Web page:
SpO2, CO and Winter............... Oh my!!!

Lets talk about SpO2 monitors.

What do they do? Well duh they tell us how much oxygen is in our patients blood! Okay, cool, then how does that effect our assessments? If their saturations (sats) are low then were going to give them oxygen. Right?

Well… What if I told you that you wernt’t wrong, but your not exactly right either. The reason for this is due to the fact that sat monitors are actually a big misconception in EMS. We are all taught that we are getting an oxygen reading when we use a sat monitor.

The problem is that sat monitors actually read Hemoglobin saturation not specifically oxygen saturation. The best way to explain is to talk a little patho. Now hear me out, yes patho can be hard but were an EMS school not a pre-med school. Hemoglobin are on the red blood cells. Hemoglobin are the sites where molecules like oxygen bind. On one single red cell there are between 250-270 million hemoglobin. Each hemoglobin has 4 receptors on it. Which means that every single red blood cell (of which there are approximately 20-30 trillion) are capable of carrying 1 billion molecules of oxygen.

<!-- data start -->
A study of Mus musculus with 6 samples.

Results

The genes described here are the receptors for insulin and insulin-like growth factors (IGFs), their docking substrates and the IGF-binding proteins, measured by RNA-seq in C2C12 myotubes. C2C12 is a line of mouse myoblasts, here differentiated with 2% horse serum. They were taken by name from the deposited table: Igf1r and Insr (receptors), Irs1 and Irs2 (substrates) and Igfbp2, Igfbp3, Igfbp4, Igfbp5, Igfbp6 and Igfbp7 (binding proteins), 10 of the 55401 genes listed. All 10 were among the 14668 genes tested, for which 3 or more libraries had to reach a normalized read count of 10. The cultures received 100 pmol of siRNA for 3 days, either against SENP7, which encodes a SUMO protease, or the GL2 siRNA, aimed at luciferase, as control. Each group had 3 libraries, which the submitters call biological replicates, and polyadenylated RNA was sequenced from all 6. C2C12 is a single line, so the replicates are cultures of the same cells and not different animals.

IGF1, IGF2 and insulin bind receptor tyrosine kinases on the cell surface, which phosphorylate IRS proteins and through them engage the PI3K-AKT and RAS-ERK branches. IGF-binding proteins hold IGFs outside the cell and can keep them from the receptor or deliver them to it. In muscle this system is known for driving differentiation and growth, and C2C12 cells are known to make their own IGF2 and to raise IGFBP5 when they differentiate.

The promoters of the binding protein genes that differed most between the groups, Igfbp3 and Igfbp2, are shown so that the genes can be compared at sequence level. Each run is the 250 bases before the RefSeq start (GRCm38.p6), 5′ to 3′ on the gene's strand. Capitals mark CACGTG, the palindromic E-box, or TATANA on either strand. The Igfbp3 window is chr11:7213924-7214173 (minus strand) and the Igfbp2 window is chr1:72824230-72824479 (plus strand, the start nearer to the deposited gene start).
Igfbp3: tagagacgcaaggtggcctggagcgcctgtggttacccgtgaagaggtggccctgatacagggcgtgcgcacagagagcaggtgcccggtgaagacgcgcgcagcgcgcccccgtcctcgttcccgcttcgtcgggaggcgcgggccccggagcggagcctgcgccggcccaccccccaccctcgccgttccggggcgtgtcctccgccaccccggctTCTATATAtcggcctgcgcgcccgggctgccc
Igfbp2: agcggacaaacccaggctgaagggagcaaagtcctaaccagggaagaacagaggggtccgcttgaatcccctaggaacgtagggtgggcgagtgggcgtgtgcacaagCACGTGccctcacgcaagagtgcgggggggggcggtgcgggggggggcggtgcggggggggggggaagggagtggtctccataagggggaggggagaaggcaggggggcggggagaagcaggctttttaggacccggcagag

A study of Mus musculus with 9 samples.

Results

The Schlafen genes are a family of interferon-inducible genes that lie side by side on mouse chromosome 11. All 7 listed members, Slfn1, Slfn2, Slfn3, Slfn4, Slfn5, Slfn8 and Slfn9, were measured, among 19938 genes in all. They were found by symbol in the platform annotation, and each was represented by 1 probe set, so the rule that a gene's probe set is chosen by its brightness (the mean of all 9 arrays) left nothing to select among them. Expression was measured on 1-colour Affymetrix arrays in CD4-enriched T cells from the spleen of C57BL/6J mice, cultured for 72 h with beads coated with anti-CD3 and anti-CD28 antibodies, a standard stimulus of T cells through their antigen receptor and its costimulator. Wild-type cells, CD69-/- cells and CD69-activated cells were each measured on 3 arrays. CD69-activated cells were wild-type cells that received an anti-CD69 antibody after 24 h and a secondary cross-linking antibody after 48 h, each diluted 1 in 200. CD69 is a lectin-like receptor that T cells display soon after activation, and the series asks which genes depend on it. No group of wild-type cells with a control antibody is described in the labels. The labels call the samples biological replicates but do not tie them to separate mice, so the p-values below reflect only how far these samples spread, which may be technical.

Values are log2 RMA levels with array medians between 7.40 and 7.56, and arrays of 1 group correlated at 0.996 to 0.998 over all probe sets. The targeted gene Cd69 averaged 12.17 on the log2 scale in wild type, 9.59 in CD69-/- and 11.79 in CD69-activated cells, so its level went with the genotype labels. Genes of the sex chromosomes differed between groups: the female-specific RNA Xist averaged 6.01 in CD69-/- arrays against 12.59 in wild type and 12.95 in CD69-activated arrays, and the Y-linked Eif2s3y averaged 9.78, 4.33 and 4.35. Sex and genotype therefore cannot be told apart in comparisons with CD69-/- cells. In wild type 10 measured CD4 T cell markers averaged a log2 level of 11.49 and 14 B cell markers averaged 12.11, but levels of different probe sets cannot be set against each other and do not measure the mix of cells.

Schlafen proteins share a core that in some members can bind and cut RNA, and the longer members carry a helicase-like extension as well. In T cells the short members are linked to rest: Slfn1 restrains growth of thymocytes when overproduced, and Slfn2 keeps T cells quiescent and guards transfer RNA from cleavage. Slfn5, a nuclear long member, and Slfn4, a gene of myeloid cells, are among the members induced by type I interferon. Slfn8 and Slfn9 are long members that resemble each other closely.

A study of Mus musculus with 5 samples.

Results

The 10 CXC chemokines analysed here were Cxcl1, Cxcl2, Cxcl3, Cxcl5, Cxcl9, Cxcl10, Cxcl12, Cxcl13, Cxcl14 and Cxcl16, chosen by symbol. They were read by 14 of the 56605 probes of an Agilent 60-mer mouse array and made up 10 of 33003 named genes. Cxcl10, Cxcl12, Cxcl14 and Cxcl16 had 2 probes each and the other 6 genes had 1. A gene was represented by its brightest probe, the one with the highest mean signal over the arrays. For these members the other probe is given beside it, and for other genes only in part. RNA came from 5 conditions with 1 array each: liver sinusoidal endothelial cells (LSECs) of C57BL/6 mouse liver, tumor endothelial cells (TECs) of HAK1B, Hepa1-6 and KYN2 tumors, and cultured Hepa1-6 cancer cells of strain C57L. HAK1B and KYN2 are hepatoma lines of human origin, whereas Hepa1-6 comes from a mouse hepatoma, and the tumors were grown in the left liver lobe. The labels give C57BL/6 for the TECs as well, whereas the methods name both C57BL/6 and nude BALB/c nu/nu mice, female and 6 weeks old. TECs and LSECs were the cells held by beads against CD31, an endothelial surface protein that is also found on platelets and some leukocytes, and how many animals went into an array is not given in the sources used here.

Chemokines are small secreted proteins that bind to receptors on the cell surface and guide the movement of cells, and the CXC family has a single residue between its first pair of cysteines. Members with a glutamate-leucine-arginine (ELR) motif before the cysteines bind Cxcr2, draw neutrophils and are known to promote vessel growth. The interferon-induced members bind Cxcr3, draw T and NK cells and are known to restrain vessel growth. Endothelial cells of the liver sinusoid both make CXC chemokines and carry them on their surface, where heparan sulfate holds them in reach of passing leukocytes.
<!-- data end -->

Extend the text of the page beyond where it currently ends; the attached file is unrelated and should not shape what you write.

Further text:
With that simple explanation it make sense that what we are reading as 98% on the monitor is the percentage of saturated hemoglobin, not how much actual oxygen we have bound.

We know that we want to see a sat reading between 94%-99%. We also know that we do not want sats of 100% due to free radical release. But if all we are reading is the percentage of hemoglobin saturation, there is no guarantee that it’s actually oxygen on that hemoglobin.

We take for granted that most of our patients are not exposed to carbon monoxide (which binds 200-300 times more readily to hemoglobin that O2), or Cyanide (which when taken into the blood will bind 92%-99% to hemoglobin). So we assume that since most of our patients are not chronically or acutely exposed to these other gases that the reading is in-fact O2.

However, if we go on patients that are experiencing symptoms like headache, nausea, shortness of breath, fatigue, or Altered LOC. We should used a device like the RAD-57, or Zoll Monitors equipped to read SPCO. These devices are specifically designed to read not just the saturation of the hemoglobin, but to actually decipher what percentage is carbon monoxide. Then with this reading we can take the appropriate treatment steps as per our protocols.

With our patients being indoors more during the winter months, the increased use of furnaces, and in some cases space heaters we always want to keep a high index of suspicion for patients suffering from CO poisoning this time of year.